Central Intelligence Agency (CIA), independent executive bureau of the U.S. government established by the National Security Act of 1947, replacing the wartime Office of Strategic Services (1942–45), the first U.S. espionage and covert operations agency. While the CIA's covert operations receive the most attention, its major responsibility is to gather intelligence, in which it uses not only covert agents but such technological resources as satellite photos and intercepted telecommunications transmissions. The CIA was given (1949) special powers under the Central Intelligence Act: The CIA director may spend agency funds without accounting for them; the size of its staff is secret; and employees, exempt from civil service procedures, may be hired, investigated, or dismissed as the CIA sees fit. Under the U.S. intelligence agency reorganization enacted in 2004, the CIA reports to the independent director of national intelligence, who is responsible for coordinating the work and budgets of all 15 U.S. intelligence agencies. To safeguard civil liberties in the United States, the CIA is denied domestic police powers; for operations in the United States it must enlist the services of the Federal Bureau of Investigation. Allen Welsh Dulles, director from 1953 to 1961, strengthened the agency and emboldened its tactics.
The CIA has often been criticized for covert operations in the domestic politics of foreign countries. The agency was heavily involved in the failed 1961 Bay of Pigs invasion of Cuba, deeply embarrassing the United States. In 1971 the U.S. government acknowledged that the CIA had recruited and paid an army fighting in Laos. In 1973 the CIA came under congressional investigation for its role in the Pentagon Papers case. The agency had provided members of the White House staff, on request, with a personality profile of Daniel Ellsberg, defendant in the Pentagon Papers trial in 1973, and had indirectly aided the White House
the special unit established to investigate internal security leaks. This direct violation of the National Security Act's prohibition led Congress to strengthen provisions barring the agency from domestic operations.
Its foreign operations came under attack in 1974 for involvement in Chilean internal affairs during the administration of Salvador Allende, and in 1986 it was shown to be involved in the Iran-Contra affair. Diminished in the early 1990s after the end of the cold war, it began rebuilding later in the decade, accelerating the process after the terror attacks of Sept. 11, 2001. It was subsequently hurt, however, by the revelation that Director George Tenet had insisted, prior to the Iraq invasion of 2003, that Iraq possessed weapons of mass destruction, and the quality of the intelligence that it had provided was criticized. One result of the intelligence failures relating to Sept., 2001, and Iraq was the reorganization of 2004, which demoted the director of the CIA and made the CIA one of several agencies overseen by the new position of director of national intelligence. The agency has been damaged also by revelations that it used torture in the aftermath of Sept., 2001; a Senate report released in 2014 asserted that the CIA's own documents indicate that the agency's claims of the utility of brutal interrogation were wrong.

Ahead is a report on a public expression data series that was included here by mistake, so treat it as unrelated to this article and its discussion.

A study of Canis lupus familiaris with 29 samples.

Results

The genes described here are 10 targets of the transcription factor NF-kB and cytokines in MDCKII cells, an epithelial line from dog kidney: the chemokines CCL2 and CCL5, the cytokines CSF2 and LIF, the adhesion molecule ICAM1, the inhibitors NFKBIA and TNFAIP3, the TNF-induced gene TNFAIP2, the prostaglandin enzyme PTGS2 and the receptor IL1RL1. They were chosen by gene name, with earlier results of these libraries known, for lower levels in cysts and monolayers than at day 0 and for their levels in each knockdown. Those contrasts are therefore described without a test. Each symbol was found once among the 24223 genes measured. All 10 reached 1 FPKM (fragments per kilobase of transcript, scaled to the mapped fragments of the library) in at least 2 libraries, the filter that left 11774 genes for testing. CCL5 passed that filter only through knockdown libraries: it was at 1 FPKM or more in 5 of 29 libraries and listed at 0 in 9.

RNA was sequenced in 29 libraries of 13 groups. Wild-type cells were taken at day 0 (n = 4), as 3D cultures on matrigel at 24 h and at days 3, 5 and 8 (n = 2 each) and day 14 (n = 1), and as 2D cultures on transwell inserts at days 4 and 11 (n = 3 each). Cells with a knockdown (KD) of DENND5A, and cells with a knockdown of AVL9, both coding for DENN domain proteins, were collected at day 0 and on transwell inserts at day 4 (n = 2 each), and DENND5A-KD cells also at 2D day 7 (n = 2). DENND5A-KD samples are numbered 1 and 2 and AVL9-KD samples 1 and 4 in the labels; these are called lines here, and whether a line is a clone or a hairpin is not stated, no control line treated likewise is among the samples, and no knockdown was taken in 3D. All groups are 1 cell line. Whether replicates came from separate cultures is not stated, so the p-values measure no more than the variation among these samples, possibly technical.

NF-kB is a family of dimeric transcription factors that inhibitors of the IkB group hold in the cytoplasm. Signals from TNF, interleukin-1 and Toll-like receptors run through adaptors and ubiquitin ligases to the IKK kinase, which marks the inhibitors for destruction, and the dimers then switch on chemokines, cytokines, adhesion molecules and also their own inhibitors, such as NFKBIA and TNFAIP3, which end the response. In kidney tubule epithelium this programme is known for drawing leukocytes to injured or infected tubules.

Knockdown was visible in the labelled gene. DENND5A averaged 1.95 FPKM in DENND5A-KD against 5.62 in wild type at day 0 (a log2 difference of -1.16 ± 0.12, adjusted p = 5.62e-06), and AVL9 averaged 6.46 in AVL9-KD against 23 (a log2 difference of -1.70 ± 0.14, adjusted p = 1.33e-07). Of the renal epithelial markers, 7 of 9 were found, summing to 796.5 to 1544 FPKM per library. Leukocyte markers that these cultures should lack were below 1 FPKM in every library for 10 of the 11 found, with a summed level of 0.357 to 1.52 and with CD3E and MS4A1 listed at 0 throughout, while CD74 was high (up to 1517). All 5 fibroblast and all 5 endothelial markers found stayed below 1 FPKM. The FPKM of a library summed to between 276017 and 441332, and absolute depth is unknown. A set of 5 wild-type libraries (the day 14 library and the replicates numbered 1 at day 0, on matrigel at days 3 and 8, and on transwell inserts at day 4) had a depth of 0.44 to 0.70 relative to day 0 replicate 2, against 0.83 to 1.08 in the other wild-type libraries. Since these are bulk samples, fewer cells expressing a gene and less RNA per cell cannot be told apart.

See publications by the CIA History Staff; see also H. H. Ransom, The Intelligence Establishment (rev. ed. 1970); P. J. McGarvey, CIA: The Myth and the Madness (1972); S. D. Breckinridge, The CIA and the U.S. Intelligence System (1986); J. Ranelagh, The Agency (1986); S. Turner, Secrecy and Democracy; The CIA in Transition (1986); J. Marshall, The Iran-Contra Connection (1987); G. F. Treverton, Covert Action (1987); P. Agee, On the Run (1987); R. Jeffrey-Jones, The CIA and American Democracy (1989); E. Thomas, The Very Best Men: Four Who Dared: The Early Years of the CIA (1996); T. Weiner, Legacy of Ashes: The History of the CIA (2007); J. Prados, The Family Jewels: The CIA, Secrecy, and Presidential Power (2013).